The father petitioned the Family Court for enforcement of his rights to visit with his 13-year old son. Alternatively, the father asked to suspend his child support obligation. Instead, Westchester County Family Court Judge Hal B. Greenwald granted the mother’s cross petition to modify the prior order of custody and visitation and suspended the father’s visitation with the subject child.
The Appellate Division, Second Department, modified that order by suspending the father’s child support obligation, affirming the suspension of all visitation in its September 2, 2015 decision in Matter of Coull v. Rottman.
In determining custody and visitation rights, the most important factor to be considered is the best interest of the child. Here, the evidence demonstrated that despite the fact that the child had participated in therapy for several months in an effort to foster a relationship with his father, the child remained vehemently opposed to any form of visitation with the father. Furthermore, while the express wishes of the child were not controlling, they were entitled to great weight, particularly where the child’s age and maturity would make his or her input particularly meaningful. Here, the appellate court held that the Judge Greenwald was entitled to place great weight on the child’s wishes, since he was mature enough to express them. Judge Greenwald’s finding that further attempts to compel the child, who was then 13 years old, to engage in visitation would be detrimental to the child’s emotional well being had a sound and substantial basis in the record and, thus, would not be disturbed.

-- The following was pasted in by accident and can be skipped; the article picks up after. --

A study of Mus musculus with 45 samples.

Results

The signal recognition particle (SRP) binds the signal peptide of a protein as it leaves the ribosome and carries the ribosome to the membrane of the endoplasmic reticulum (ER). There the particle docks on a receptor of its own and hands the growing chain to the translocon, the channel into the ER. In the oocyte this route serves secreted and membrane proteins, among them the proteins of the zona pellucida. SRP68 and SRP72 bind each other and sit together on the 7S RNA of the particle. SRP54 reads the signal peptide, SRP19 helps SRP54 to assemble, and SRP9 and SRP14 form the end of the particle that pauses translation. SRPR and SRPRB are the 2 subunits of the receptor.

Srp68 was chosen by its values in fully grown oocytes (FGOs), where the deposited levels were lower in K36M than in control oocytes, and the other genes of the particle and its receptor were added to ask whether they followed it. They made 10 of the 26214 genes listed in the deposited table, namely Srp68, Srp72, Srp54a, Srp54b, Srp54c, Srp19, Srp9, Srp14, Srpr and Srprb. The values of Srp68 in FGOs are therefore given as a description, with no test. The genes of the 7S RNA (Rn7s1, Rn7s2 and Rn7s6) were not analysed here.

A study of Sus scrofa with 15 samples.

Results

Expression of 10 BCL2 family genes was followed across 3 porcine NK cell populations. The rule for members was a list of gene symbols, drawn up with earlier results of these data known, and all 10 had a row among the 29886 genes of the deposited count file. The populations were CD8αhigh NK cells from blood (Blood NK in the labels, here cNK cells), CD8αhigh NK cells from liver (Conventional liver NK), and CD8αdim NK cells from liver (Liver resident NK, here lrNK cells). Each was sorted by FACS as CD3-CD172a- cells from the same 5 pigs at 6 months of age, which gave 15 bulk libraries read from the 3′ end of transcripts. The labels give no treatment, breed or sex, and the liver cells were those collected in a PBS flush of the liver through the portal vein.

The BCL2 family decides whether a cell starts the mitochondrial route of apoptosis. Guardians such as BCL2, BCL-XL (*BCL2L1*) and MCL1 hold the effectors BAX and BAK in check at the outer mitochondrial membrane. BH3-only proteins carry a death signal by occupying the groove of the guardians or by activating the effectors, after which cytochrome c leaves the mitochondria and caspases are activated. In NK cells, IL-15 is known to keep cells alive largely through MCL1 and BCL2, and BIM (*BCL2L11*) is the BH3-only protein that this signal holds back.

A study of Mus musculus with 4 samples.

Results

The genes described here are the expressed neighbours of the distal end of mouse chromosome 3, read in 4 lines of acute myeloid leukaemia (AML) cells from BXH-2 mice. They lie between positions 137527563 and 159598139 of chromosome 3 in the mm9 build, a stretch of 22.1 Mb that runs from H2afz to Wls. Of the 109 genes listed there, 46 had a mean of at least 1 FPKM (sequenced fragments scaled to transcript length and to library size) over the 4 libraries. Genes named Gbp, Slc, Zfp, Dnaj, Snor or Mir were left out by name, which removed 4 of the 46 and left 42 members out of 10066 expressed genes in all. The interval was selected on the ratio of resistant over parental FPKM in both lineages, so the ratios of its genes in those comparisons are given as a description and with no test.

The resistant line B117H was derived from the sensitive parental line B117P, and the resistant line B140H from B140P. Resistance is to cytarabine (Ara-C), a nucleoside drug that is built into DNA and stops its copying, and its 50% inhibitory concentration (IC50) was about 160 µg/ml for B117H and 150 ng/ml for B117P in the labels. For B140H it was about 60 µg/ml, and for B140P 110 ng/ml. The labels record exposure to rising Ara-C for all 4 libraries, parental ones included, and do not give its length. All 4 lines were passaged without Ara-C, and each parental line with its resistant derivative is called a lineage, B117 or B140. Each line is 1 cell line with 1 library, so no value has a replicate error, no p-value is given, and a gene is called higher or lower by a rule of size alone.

However, contrary to Judge Greenwald’s conclusion, the evidence justified a suspension of the father’s obligation to make future child support payments. The forensic evaluator testified that there was a “pattern of alienation” resulting from the mother’s interference with a regular schedule of visitation. The evaluator was unable to complete her evaluation because the mother refused to consent to the evaluator’s request to speak with mental health providers or school officials, and the child did not appear for his interview.
Moreover, after the father’s last visit with the child, the father continued to go to the exchange location on visitation days for several months. On one occasion, the mother and child appeared, but the mother said the child would not come out of the car. On the other occasions, neither the mother nor the child appeared, nor did the mother communicate with the father. The father was never told about the child’s medical needs or that the child had been hospitalized until after the fact, nor was he advised of any information about the child’s school or school events.
Further, the record reflected that the mother, who represented herself before Judge Greenwald, assumed an inappropriately hostile stance toward the father and witnesses who testified in his favor. Judge Greenwald noted in its decision that the mother stated “many times, that she will never allow [the father] to see the subject child and that she would do whatever it takes to keep the subject child away” from him.
Robin D. Carton, of White Plains, N.Y., attorney for the child.